May 14, 2010

$10 Oak Pedestal Table

So I've been saying for over a year that I'd like to get a round pedestal table. I was fully prepared to paint the whole thing if I had to, but I've wanted a table that could be a project for me.
I finally found it.
Every Saturday Dear Husband and I go yard sale-ing, and on this day, we started at a fundraiser for a school choir in a parking lot.  Third booth along... and there it sat... As I started to ask how much, I saw he had just attached a piece of tape to a sheet of paper that said "Oak Table $10"
"Sold" I said. And I handed the man ten bucks!

It was in two pieces; top and pedestal, because the wood board for connecting the two was broken & needed replacing. (big deal)
This is the condition it was in. There was something spilled on the top at some point, and then it must have had a blanket on it or something because there was fluff all over it that would not come off. I had to just sand it along with the rest of it.
This pedestal is very NOT ME. Mainly because it is rather generic, and not something I could make unique enough.  So I took the legs off and gave them a treatment on the table saw.
I cut the legs in three places to make them less curvy. Chopping off the tops of the curves, and the end.

Here is the pedestal without the legs, and a pedestal I bought a few months earlier expecting I would have to make my dream pedestal table. (I hate to admit it, but this rough pedestal and the parts I bought with it cost $30. I consider that expensive for a project especially since I didn't really know how I was going to execute it.)
I drilled holes in the blank for the legs to be attached to it, bolted them on, and then I started building it out wards with various boards glued and nailed on... My goal was to just create some dimension.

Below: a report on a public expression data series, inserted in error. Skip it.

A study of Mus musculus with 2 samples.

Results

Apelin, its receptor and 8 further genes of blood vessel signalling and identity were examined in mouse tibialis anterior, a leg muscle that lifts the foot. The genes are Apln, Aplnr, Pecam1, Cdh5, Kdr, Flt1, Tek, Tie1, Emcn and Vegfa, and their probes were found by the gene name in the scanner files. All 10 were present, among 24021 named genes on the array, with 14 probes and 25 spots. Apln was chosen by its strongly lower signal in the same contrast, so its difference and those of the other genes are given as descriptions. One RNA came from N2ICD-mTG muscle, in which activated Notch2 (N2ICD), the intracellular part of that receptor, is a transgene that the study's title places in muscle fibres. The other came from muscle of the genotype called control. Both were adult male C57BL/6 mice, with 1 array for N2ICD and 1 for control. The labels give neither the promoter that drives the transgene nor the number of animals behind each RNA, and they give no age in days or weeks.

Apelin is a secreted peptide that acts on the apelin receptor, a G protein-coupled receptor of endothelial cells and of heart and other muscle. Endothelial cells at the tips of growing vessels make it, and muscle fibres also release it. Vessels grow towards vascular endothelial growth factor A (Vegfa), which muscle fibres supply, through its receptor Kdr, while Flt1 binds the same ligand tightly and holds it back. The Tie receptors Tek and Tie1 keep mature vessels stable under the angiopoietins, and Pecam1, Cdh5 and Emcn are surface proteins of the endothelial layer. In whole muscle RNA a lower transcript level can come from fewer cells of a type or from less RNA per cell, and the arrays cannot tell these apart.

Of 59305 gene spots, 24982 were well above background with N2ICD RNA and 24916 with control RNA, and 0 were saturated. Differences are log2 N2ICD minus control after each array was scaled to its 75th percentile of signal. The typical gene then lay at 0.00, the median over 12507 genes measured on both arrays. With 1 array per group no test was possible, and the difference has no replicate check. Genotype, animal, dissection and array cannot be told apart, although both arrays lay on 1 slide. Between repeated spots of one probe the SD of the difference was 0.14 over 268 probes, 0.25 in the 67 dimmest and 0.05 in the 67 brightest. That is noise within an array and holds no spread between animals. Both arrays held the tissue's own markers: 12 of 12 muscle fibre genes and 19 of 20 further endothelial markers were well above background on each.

Then I used paintable caulk to fill in the seams, and covered my nail holes with filler.

I used up a spray can of primer, and really should have bought more to do the job right, but I was so anxious, I went ahead and started painting it.
I chose a green color that I have in the room.

I wasn't sold. I put the top on it, and didn't like it. So I didn't stick with the green. It was far more flourescent than it looks here.
Anyway moving onto the top...
After sanding the table, I applied walnut stain (but of course).
This is after one coat. I waited a few days applied a second coat, waited a few more and applied a third coat. My goal was to loose the slightly orange color that oak goes when stained. And it worked.
I spray painted over the green with white, and it doesn't look so strange now.
I also waxed the table top instead of varnishing it.
I am considering giving the white base an antiqued old look... haven't decided for sure yet, but I think the base and top would coordinate more if I did.  Unfortunately I can't use the same walnut stain because I spraypainted the base. Both the spray paint and the stain are oil based, they clean up with white spirit, and if you put an oil based stain onto a spraypaint, the stain acts a bit like a cleaner and the paint wipes off along with the stain. So I need a water based stain/glaze to try this with. (Capiche? A little wordy.. sorry)

I also have two leaves that came with it! Forgot to mention that part... I still need to sand them down.
Thanks for stopping by!

shellie said...

you are just to handy Nat! I need some power tools lol.

thedoodlegirl said...

three words: A.MAZ.ING!!!!!!

Jen N said...

I am always so impressed by your make-over projects! Love this!

Sophie said...

congrats! this is awesome




Just stumbled on your site. Love what you did with the table! I have the same hobby. Taking "junk" and giving it a new look!



I'll be honest, as I read through that at first I wasn't convinced with what you were doing with the table, but the end product looks truly amazing. You have such a talent!

Ania said...

greatpost

ShopGeek said...

May I ask where did you buy the pedestal kit for $30?